Work, or Play?

An artist's day is filled with arresting moments when a fresh vision of something familiar appears quite by accident: something in one's environment, works recently completed, or works-in-progress. Light streaming through a window, shining on a familiar object, perhaps: then, creation gets really interesting.

Puttering around the studio can also release one from set ways of thinking and seeing. This is often the means to a breakthrough into new territory, even new uses for old media. This happened to me a few years ago when I decided to clean out my flat files. Tearing up work from graduate school and other works on paper from over a 50 year career, I looked down at the mess at my feet and saw such wonderful juxtapositions of media, shapes, colours of paintings, mixed with black and white drawings and prints, that suddenly, there was possibility in the old "stuff." From that came "Recreations," a series of collages named after the fragment of a title from an early engraving, entitled, whimsically, "Recreation among the Microbes." Recreation (play) translated into re-creation.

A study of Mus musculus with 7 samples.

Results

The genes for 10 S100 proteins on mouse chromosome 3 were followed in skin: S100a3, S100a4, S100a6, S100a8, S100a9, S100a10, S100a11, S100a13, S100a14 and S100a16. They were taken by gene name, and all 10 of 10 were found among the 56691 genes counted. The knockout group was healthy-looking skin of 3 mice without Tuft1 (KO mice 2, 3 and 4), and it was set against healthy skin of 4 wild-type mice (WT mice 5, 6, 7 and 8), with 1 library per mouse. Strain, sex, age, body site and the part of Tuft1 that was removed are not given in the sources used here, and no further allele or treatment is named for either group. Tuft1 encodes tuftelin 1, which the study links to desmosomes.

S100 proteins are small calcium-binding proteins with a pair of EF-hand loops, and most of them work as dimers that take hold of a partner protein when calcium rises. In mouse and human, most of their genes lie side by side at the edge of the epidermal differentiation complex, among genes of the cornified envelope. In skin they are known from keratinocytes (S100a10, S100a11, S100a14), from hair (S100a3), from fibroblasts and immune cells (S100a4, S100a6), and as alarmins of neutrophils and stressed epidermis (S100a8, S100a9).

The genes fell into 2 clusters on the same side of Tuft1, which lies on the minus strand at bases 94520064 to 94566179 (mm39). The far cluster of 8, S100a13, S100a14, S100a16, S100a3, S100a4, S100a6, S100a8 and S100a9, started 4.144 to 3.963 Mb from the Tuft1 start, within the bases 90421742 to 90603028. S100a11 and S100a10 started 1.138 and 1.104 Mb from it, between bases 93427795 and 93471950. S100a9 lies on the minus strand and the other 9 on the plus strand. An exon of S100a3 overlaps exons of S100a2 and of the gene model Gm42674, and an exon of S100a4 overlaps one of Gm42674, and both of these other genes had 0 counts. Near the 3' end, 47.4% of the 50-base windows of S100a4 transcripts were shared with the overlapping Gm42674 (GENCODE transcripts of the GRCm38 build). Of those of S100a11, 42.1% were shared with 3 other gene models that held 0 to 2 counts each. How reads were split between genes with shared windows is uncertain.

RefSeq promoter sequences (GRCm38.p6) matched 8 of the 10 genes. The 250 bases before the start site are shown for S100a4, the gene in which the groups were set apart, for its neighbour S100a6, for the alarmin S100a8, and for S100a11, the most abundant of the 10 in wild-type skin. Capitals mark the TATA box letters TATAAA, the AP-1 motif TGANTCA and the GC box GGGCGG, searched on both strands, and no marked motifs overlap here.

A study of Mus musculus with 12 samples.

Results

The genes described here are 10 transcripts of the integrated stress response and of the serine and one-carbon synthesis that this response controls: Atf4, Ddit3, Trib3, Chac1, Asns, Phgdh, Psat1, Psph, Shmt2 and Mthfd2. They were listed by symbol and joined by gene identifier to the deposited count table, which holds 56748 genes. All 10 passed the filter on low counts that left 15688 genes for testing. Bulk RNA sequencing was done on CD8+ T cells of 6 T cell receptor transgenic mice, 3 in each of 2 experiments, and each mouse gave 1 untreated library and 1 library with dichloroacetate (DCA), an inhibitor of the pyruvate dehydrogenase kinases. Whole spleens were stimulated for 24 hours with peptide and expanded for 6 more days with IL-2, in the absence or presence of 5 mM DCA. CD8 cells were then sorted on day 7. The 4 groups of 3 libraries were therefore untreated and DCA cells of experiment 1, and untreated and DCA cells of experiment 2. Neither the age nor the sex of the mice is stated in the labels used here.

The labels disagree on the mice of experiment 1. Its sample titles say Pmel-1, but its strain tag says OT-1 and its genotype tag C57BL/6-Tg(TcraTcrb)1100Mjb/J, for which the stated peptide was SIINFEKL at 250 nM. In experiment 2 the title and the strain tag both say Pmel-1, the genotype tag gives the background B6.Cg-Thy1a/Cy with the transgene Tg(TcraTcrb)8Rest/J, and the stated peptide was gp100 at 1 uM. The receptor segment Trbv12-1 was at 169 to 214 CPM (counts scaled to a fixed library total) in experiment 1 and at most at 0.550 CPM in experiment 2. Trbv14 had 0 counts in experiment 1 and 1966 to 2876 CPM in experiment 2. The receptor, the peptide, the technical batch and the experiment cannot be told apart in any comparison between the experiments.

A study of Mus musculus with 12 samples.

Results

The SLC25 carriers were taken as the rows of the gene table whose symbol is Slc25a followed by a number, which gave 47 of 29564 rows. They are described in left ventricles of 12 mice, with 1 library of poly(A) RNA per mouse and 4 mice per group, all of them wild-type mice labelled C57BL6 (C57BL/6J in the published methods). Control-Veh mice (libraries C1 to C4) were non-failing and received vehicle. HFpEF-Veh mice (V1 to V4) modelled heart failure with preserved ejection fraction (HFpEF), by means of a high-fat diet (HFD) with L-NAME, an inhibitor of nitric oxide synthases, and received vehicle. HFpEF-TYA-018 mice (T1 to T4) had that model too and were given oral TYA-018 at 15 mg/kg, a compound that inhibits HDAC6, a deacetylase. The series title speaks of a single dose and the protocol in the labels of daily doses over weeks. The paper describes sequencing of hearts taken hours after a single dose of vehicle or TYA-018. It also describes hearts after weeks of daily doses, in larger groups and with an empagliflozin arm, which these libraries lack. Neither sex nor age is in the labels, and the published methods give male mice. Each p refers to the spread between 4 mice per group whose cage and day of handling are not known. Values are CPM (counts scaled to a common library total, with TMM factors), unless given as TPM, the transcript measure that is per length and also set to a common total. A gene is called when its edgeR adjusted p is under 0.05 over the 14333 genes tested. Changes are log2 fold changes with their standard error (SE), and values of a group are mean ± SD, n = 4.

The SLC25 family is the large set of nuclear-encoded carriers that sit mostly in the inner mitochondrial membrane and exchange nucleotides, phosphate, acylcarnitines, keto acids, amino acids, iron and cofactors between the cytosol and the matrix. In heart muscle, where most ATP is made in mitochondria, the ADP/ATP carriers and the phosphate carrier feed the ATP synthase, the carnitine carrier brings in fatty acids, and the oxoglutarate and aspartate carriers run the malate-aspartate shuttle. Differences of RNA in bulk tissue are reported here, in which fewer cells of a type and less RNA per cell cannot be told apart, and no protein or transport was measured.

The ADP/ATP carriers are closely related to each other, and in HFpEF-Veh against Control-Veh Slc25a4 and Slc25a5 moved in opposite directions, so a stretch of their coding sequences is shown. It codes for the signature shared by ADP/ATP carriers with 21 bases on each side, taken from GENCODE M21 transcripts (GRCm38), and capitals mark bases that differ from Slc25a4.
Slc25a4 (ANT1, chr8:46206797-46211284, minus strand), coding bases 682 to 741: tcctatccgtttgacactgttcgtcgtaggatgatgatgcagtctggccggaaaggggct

Isn't that what artists do? Play, and constantly re-create. All that talk about "one's work," when musicians speak more honestly, about "playing" their instruments. The "work" is not the "doing" of it: it's the talking about it, the framing it, the exhibition of it, the selling of it. And, that seems to be the thing non-artists are most interested in talking to artists about, because that relates to their work: with results, measurable and material.

But, there's so much more to art and life.